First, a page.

News Release

First Time: Voice of CIA Whistleblower Jeffrey Sterling


invisible manFor the first time since he was indicted on Espionage Act charges more than four years ago, the voice of former CIA case officer Jeffrey Sterling is being heard by the public today in a documentary produced by and just released by The Huffington Post. The film’s immediate audience includes hundreds of thousands of viewers of “Democracy Now,” which aired it this morning.

On Monday, Sterling was sentenced to 42 months in prison.

NORMAN SOLOMON, solomonprogressive at
Solomon was a producer for the film on behalf of ExposeFacts, which is a project of IPA. ExposeFacts extensively covered Sterling’s trial. Solomon is IPA’s executive director.

JUDITH EHRLICH, mousethatroaredfilm at
Ehrlich is the director of the just-released short documentary “The Invisible Man: CIA Whistleblower Jeffrey Sterling.” Her past films include the Oscar-nominated “The Most Dangerous Man in America: Daniel Ellsberg and the Pentagon Papers.” She just wrote the short piece “On Jeffrey Sterling: From the Filmmaker of ‘The Invisible Man’,” which notes: “Jeffrey Sterling was convicted in large part on the basis of metadata — not the content of his communication.”

RAY McGOVERN, rrmcgovern at, @raymcgovern
McGovern was a CIA analyst for 27 years and now serves on the Steering Group of Veteran Intelligence Professionals for Sanity. McGovern was quoted Monday in U.S. News and World Report: “Jeffrey Sterling Sentenced to 42 Months for Talking to Reporter.” He just wrote the piece “Punishing Another Whistleblower,” about the Sterling case.

McGovern said today: “It seems clear that the White House told the Department of Justice to make an example of Jeffrey Sterling — an example of what one can expect if s/he decides to blow the whistle….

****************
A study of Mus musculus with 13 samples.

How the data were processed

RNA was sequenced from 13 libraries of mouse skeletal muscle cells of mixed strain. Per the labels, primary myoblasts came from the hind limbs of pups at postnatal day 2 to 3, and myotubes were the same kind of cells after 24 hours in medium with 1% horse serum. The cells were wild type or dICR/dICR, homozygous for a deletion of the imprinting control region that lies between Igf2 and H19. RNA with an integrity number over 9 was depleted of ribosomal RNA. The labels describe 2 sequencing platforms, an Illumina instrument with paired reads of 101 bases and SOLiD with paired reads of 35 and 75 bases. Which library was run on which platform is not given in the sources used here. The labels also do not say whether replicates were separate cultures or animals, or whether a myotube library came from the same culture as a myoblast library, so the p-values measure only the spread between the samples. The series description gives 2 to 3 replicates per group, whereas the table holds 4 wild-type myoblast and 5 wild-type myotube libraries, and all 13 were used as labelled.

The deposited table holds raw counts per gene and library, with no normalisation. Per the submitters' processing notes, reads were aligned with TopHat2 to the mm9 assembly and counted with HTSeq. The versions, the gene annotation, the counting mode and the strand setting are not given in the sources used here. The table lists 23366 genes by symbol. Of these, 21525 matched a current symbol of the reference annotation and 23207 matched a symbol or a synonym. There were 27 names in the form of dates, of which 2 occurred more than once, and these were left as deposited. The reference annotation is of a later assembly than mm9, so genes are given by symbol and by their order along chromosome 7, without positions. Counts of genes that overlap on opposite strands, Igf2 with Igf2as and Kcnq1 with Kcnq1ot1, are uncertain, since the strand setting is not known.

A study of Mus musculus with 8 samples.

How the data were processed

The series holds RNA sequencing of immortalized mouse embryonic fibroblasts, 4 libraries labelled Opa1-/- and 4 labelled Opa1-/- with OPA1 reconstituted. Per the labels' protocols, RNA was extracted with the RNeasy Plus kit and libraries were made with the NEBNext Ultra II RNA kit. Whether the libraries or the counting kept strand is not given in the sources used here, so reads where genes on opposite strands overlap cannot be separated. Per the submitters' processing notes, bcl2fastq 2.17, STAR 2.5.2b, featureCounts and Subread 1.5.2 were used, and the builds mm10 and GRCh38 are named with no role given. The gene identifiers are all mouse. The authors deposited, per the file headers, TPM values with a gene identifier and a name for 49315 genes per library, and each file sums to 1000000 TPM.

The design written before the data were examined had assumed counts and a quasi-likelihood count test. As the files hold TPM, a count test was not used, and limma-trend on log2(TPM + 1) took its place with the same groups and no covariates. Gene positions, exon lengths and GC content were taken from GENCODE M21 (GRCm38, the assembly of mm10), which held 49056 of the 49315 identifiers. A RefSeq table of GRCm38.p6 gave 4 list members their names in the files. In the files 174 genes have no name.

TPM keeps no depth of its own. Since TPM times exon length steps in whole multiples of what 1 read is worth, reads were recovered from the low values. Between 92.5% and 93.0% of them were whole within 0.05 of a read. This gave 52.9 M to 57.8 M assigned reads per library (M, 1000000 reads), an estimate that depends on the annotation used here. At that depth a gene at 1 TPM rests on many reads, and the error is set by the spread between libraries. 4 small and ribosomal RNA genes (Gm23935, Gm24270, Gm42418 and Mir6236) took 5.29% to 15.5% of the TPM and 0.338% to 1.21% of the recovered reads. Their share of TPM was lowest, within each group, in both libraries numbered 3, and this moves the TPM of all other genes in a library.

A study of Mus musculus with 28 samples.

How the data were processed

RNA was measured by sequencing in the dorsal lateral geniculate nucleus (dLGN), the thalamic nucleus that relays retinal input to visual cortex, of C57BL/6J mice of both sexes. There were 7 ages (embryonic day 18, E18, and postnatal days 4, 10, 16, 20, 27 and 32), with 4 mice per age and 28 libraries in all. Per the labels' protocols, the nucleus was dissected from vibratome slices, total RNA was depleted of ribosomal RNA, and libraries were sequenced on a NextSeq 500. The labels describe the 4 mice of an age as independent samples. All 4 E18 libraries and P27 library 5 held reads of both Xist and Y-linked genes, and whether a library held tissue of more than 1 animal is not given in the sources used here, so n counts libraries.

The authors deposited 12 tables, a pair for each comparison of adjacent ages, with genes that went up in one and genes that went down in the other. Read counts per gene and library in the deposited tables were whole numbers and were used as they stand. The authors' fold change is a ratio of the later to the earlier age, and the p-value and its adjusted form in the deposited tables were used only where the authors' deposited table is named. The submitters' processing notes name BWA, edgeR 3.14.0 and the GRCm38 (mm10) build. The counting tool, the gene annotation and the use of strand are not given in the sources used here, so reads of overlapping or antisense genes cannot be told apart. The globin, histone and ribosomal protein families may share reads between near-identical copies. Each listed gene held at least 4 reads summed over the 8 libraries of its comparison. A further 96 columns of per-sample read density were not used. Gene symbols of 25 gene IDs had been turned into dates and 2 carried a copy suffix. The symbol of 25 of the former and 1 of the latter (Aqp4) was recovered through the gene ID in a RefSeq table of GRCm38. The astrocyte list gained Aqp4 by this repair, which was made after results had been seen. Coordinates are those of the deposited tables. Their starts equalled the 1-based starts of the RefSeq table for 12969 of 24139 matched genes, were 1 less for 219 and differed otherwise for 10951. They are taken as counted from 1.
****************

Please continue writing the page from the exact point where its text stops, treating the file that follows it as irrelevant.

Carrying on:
“But the wrist-slap administered to former Gen. David Petraeus for far more egregious behavior — including lying to the FBI — made it indecorous for her [the judge] to mete out the draconian sentence, after which the Justice Department and White House were positively lusting. Plans for a draconian sentence for which DOJ had been pressing fell through and the pizzazz fizzled out of the intended deterrent effect.

“At the same time, the trial surfaced real questions. Were the CIA faulty blueprints foisted on Iran aimed at sabotaging any nuclear nuclear weapons program of Iran … and perhaps Iraq? For me that does not pass the smell test.

“Or was it something trickier still — actually too tricky by half — aimed at ‘discovering’ documentary evidence ‘showing’ how close Iran AND Iraq were to a nuclear weapon — and, of course, how much they need to be stopped.”

JESSELYN RADACK, jradack at, @jesselynradack
Radack is the director of National Security & Human Rights at the Government Accountability Project. She said today: “Like all other whistleblowers prosecuted under the Espionage Act, Sterling is only guilty of embarrassing the government.

“If you’re a former CIA director like Petraeus and Panetta, you can leak with impunity or receive a slap on the wrist at most. As demonstrated by the Petraeus case, there are numerous other more appropriate ways to punish leaks. If you’re loyal to the truth rather than the CIA, you’ll be bludgeoned. While Sterling was sentenced to less jail time than the government asked for, the two-tiered system of justice is still unacceptable.

“Sterling is collateral damage in the government’s war on the media.

“Sterling is the latest casualty in the Obama administration’s unprecedented war on whistleblowers.

“The biggest leaker in the country is the United States government. They’re not doing damage assessments on their political leaks for propaganda or self-promotion purposes rather than the public interest.

“‘National security’ is not the U.S.’s reputation. If the government wants to stop being embarrassed, it should stop doing embarrassing things.”